If you want to lose weight, experts say you need to get enough sleep. Specifically, researchers have reported that women who sleep 5 hours or less per night generally weigh more than women who sleep 7 hours per night. These findings, presented at the 2006 American Thoracic Society International Conference, showed that women who slept 5 hours per night were 32% more likely to experience major weight gain (an increase of 33 pounds or more) and 15% more likely to become obese over the course of the 16-year study, compared to those who slept 7 hours a night.

Those women who slept 6 hours per night were still 12% more likely to experience major weight gain, and 6% more likely to become obese, compared to women who slept 7 hours a night. This is the largest study to track the effects of sleep habits on weight gain over time; it included nearly 70,000 middle-aged women. The women were first monitored in 1986, and they reported their weight every 2 years for 16 years. At the start of the study, the women who slept 5 hours or less per night weighed an average of 5.4 pounds more than those sleeping 7 hours. They also gained an additional 1.6 pounds more over the next 10 years. While that doesn’t sound like a significant amount, it adds up. That’s 16 pounds in 10 years, and 32 pounds over a 20-year period. “That’s an average amount — some women gained much more than that,” says lead researcher Sanjay Patel, M.D., Assistant Professor of Medicine at Case Western Reserve University in Cleveland, OH. “Even a small difference in weight can increase a person’s risk of health problems, such as diabetes and hypertension.”

Women Who Sleep Less, Eat Less…and Still Gain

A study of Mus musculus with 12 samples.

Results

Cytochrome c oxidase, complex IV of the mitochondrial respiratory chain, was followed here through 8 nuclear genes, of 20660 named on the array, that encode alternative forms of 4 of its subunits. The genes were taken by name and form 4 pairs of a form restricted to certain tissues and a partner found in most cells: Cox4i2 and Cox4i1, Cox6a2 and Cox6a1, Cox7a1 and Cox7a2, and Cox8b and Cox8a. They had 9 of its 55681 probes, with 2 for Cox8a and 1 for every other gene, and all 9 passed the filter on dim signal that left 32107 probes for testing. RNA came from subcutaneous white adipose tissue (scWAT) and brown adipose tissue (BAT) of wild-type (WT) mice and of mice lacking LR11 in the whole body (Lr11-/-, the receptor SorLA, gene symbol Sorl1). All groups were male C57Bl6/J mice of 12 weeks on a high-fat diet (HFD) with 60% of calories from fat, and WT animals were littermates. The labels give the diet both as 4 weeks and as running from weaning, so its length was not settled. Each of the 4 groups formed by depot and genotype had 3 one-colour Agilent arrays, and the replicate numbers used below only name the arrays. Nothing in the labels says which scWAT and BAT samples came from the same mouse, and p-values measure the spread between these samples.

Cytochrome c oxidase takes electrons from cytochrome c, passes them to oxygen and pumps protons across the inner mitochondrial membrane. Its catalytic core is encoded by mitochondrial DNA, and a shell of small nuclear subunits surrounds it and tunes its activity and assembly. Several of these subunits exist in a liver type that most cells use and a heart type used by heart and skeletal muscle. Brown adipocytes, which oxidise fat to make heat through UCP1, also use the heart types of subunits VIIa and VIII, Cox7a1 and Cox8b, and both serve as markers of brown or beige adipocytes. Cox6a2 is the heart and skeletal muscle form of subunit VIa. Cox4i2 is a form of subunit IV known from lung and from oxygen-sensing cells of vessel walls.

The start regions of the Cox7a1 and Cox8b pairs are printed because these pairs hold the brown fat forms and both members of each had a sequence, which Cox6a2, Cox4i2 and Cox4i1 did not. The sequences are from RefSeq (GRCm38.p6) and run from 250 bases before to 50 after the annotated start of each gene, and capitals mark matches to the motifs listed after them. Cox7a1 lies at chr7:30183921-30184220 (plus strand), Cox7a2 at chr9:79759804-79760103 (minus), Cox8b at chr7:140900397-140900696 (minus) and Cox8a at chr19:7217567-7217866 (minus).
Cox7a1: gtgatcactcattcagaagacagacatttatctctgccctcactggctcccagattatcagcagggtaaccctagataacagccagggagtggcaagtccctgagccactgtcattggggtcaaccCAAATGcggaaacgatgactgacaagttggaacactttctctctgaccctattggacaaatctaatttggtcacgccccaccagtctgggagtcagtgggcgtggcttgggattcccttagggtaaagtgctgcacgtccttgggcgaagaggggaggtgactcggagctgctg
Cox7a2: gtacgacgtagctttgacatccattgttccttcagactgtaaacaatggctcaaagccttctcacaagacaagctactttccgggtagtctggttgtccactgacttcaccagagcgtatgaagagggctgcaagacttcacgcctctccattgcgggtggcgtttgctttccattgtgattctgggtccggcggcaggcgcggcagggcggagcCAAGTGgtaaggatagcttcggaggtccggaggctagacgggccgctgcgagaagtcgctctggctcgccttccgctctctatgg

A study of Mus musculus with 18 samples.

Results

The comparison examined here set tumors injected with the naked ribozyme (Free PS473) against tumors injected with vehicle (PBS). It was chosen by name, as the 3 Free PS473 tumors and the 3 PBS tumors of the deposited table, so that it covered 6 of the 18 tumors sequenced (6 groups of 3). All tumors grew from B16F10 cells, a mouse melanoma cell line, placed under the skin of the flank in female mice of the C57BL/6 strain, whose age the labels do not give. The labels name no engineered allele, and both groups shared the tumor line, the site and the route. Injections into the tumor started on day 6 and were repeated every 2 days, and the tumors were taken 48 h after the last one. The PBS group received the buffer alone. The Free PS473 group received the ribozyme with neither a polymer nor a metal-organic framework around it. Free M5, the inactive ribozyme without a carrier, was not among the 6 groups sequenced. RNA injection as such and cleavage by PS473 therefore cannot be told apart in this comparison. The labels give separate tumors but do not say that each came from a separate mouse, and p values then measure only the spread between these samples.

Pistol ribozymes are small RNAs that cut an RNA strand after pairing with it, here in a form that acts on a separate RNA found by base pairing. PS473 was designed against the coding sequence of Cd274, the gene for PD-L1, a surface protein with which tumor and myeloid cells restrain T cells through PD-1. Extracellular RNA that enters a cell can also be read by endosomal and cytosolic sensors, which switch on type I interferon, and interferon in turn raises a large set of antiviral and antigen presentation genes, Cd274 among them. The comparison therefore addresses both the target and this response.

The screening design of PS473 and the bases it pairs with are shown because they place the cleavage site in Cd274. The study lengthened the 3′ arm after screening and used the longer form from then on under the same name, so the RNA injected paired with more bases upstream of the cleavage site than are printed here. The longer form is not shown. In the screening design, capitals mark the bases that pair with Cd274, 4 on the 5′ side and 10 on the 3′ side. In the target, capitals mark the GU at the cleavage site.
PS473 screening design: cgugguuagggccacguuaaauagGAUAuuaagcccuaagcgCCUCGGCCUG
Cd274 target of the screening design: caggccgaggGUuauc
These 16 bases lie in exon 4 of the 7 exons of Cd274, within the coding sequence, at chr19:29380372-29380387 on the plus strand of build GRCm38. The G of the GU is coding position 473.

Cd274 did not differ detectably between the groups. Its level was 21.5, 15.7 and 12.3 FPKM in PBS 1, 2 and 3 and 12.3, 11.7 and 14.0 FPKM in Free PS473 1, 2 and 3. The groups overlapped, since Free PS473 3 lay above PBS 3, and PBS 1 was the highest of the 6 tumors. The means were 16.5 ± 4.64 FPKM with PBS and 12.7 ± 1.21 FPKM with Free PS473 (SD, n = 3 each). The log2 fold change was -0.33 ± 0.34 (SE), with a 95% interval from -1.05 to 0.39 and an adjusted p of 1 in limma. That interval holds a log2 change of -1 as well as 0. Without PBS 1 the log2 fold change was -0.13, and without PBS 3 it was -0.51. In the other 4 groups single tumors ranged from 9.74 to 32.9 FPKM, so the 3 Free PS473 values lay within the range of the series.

The researchers looked at exercise habits to determine if they could account, in part, for the findings. But they didn’t discover any differences in exercise levels or physical activity that would explain why the women who slept less weighed more.Were the women who were getting less sleep also eating more?The answer was no. In fact, the opposite was true.”Prior studies have shown that after just a few days of sleep restriction, the hormones that control appetite cause people to become hungrier, so we thought that women who slept less might eat more,” Patel says. “But, in fact, they ate less. That suggests that appetite and diet are not accounting for the weight gain in women who sleep less.”


The study participants did not identify the specific factors that contribute to weight gain in women who had less sleep.

standard advice for those wanting to lose some fat: eat less, exercise more or do some combination of the two. A small but intriguing new study suggests people might also want to make sure they’re getting enough sleep.

Research results for sleep deficits

why do I think that sleeping affects weight loss? Here are a few reasons

  • Bad eating decisions – Eating badly becasue you are tired and lazy is common. I do this and I am sure you do it too.
  • Bad exercise habits – Feeling tired and undersleeping will leave you with more excuses not to workout.
  • Hormonal and metabolism issues – That crazy melatonin response as well as a much lower metabolism mean that you will not lose fat and instead your body will store more if it can

I know that we are all supposed to get 8 hours sleep but some people really do need less. I find, as well as many others, that a sleep deficit is just faking yourself out. If you try to sleep 6 hours a night all week thinking that you will catch up on the weekend then you are really faking yourself out. Only you know how much sleep you really need.